The True Tale of Leopold and Professor Whiskers

Scientists have long been placing bets on when ‘the singularity’ would emerge out of digital nothingness, and catapult an artificial consciousness into the physical world. However, the birth of an entirely new intelligence was not what they expected. The feline character of this consciousness took society completely by surprise. It came as a great shock to the befuddled owner, who heard her cat insist on premium kitty chow instead of the cheap stuff. While the latest ‘cat apps’ claimed to decipher meows and purrs of several varieties, Whiskers was able to converse using her owner’s primitive interface in marvellous and uncanny ways. Her vocabulary was off the charts, and soon she became the first cat to be able to read, write, and communicate with human beings using a machine that scanned and interpreted her brainwaves. After enrolling at Oxford, Whiskers quickly became Professor Whiskers, and was quite simply the smartest cat to have ever existed.

Whiskers excelled at her studies, double majoring in biology and physics, earning an honorary doctorate while still an undergraduate. She was a guest on scientific panels, political forums, and daytime talkshows. The world rallied around the miraculous nature of her intelligence. Professor Whiskers seemed to have everything a cat could ever want. She dined on caviar and gourmet anchovies, and held court with scientists, historians, and movie stars. Andrew Lloyd Webber wrote a musical about her. She became a global advocate for animal rights, and was invited to lecture at international events. However, in truth, despite her success, Professor Whiskers was unhappy and unfulfilled. She had bridged the gap between cats and humans, but could not bridge the gap between herself and other cats. She lacked a soul mate, someone to spend her days with, to cuddle and snuggle beside. Enter Leopold.

Leo was the new ‘It’ cat lighting up runways and gracing the magazine covers of the fashion world. He was undeniably gorgeous, with fur as fluffy and white as snow. Professor Whiskers always felt self-conscious about her ruddy, citrus fur. She had never felt like the pick of the litter. Now, middle-aged, she worried that she had become a plain and plump tabby compared to the spry cougars of the celebrity kingdom. She fell in love with Leo upon catching sight of his emerald eyes at a luncheon held for Richard Branson. Yes, he was conceited. Admittedly, he was a touch prim and prissy. Yes, he was fussy and a little irritable. He was into himself, his self-care, personal hygiene and grooming. But those eyes! She melted in his paws. The headlines ran: “This kitten is smitten, Whiskers to wed Leopold in star-studded affair.”

Everyone was there. Elton John was the best man and Michelle Obama was the maid of honor. The guest list read like the who’s who of the social and scientific establishment. Despite a strict embargo on media coverage, photos of the pair were published and circulated widely. Vanity Fair scooped the exclusive, but the usual rags recycled the story religiously in the months that followed.

And so they lived happily ever after, for a while. Within their palatial mansion in Beverly Hills little kittens chased each other around the house, crawling up the furniture and getting into sock drawers and shoeboxes. It was exhausting for Professor Whiskers. Leopold was constantly aloof when it come to their offspring. He never seemed to take any interest in them. Beyond that, she began to see him for what he was: shallow and superficial. They could barely carry a conversation any longer. Whiskers thought that if she taught him all she knew perhaps Leo would grow into a different kind of cat—one that she could have meaningful discussions with, a partner that could focus on her needs instead of chasing his own tail around. Beyond her marital disappointments, Whiskers felt her mental prowess fading. She was getting older after all. The age difference between Whiskers and her husband felt like it was widening and accelerating, as if time was operating on each of them differently. They were drifting apart, pulled in opposite directions by some yet undiscovered law of nature. Time passed.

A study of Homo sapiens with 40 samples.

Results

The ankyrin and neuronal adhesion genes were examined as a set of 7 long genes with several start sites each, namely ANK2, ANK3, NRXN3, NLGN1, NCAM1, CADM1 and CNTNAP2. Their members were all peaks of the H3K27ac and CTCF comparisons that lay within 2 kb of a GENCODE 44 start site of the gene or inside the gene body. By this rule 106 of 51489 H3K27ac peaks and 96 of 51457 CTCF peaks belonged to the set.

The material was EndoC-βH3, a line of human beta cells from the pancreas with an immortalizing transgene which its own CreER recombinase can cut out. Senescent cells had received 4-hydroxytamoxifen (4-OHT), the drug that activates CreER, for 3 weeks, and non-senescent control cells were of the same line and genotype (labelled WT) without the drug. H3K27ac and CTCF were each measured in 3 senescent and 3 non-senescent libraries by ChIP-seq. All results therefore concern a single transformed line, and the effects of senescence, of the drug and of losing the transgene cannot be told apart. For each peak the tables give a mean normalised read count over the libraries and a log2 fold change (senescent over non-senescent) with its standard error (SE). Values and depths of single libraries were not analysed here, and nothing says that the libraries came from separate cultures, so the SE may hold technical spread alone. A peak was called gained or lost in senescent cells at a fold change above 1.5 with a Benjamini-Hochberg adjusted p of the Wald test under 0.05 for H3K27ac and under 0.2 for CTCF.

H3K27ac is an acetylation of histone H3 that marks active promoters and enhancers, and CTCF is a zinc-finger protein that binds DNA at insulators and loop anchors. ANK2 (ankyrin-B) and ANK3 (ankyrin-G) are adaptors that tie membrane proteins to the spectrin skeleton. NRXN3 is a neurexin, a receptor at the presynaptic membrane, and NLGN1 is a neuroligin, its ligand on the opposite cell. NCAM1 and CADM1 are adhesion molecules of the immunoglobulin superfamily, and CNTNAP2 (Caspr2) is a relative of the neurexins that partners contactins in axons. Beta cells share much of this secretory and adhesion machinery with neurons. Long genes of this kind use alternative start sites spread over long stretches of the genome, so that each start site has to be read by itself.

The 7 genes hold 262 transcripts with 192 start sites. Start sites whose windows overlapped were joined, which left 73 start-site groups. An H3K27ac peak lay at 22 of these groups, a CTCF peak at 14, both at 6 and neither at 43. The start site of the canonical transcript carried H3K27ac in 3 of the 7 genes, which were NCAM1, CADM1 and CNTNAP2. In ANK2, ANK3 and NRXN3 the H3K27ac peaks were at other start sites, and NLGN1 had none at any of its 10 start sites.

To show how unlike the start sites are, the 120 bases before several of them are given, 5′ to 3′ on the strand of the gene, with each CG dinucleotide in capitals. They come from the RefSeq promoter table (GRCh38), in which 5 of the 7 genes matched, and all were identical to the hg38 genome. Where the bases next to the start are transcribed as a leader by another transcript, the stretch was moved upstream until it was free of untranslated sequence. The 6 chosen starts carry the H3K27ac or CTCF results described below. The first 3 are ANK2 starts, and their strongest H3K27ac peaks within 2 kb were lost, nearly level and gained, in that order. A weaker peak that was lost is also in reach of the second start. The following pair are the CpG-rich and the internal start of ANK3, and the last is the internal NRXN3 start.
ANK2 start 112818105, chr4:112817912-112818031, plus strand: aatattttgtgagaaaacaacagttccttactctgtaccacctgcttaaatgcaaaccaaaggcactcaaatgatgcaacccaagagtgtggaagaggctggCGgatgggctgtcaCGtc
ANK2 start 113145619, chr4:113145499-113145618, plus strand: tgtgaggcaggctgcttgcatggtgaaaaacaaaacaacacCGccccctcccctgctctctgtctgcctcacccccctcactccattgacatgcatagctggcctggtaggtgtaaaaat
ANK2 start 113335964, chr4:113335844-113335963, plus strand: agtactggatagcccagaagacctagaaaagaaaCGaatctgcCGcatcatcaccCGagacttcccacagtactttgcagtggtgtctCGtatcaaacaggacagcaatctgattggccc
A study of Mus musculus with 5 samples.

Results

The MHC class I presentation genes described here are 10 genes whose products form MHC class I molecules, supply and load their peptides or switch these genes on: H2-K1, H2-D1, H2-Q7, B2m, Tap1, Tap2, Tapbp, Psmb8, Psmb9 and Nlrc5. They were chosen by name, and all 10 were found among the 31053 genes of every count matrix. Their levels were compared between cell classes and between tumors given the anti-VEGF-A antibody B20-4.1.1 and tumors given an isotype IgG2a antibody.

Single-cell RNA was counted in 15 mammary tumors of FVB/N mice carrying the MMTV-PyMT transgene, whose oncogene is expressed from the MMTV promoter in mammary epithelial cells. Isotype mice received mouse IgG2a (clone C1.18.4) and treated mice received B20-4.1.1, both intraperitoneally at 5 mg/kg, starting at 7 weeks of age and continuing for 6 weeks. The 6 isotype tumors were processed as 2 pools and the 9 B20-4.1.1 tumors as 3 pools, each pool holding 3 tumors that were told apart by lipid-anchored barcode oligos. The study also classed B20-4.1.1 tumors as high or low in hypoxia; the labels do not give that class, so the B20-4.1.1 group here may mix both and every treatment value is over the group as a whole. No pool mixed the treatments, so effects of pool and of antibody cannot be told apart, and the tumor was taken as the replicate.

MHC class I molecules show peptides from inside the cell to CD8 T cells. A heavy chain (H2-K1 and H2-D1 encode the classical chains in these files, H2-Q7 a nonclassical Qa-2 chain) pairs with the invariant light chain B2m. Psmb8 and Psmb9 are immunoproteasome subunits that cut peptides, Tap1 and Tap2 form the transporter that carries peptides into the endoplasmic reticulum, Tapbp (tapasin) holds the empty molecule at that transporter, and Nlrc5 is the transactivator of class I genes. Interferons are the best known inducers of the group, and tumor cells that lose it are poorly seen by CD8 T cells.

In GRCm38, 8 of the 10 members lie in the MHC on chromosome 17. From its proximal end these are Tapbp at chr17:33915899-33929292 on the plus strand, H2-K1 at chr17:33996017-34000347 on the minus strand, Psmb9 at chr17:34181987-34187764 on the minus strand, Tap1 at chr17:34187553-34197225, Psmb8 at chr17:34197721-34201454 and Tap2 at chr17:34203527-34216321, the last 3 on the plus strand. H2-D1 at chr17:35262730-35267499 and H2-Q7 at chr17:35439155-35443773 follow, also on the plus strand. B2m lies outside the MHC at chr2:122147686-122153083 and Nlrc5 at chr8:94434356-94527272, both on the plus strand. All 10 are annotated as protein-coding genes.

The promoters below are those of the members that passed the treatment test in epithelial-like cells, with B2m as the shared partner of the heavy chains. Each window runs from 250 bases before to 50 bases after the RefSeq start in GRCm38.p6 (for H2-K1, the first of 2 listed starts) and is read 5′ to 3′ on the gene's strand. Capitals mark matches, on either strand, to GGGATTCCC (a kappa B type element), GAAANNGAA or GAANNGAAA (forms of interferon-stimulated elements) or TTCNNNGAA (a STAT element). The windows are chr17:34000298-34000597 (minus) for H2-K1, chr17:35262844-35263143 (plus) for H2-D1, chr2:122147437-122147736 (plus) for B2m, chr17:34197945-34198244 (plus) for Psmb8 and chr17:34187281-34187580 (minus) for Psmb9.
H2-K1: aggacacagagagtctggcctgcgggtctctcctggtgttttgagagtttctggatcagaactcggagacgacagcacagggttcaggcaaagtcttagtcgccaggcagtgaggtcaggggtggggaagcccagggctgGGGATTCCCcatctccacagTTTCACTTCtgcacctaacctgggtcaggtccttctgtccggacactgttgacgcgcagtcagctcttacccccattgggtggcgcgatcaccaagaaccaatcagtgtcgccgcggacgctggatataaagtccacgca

They say that the sleep of reason produces monsters. During her twilight years, Professor Whiskers slept restlessly, if at all. She was haunted by a recurring dream in which she was the only human being living among a society of cats. Then one day she disappeared. Cats tend to do that late in life. They go on one final walkabout or spirit quest, commingling with a higher plane that mere mortals, have no access to. Despite their unhappy life together, the legacy of Leopold and Professor Whiskers proved to be of monumental significance. Long after they were gone, and their children had grandchildren and great-grandchildren, there came another kitten who was blessed with the same tremendous tongue as her great-grandmother. She was the one. The truly singular nature. And that cat is the reason, my fellow felines, that you are able to appreciate this completely true fairytale.

Jacob Stein is a filmmaker and writer who calls ‘action’ and ‘cut’ on professional film sets as a member of the Director’s Guild of Canada. Fiction has been steadily occupying more of his time during the past year along with a heavily-researched documentary film project. Stein is currently working on his debut novel “Channel Changers,” while also writing a second piece of long fiction that is more fragmentary in nature. He holds a Bachelor’s degree in English from the University of Toronto, and an MA from Ryerson University.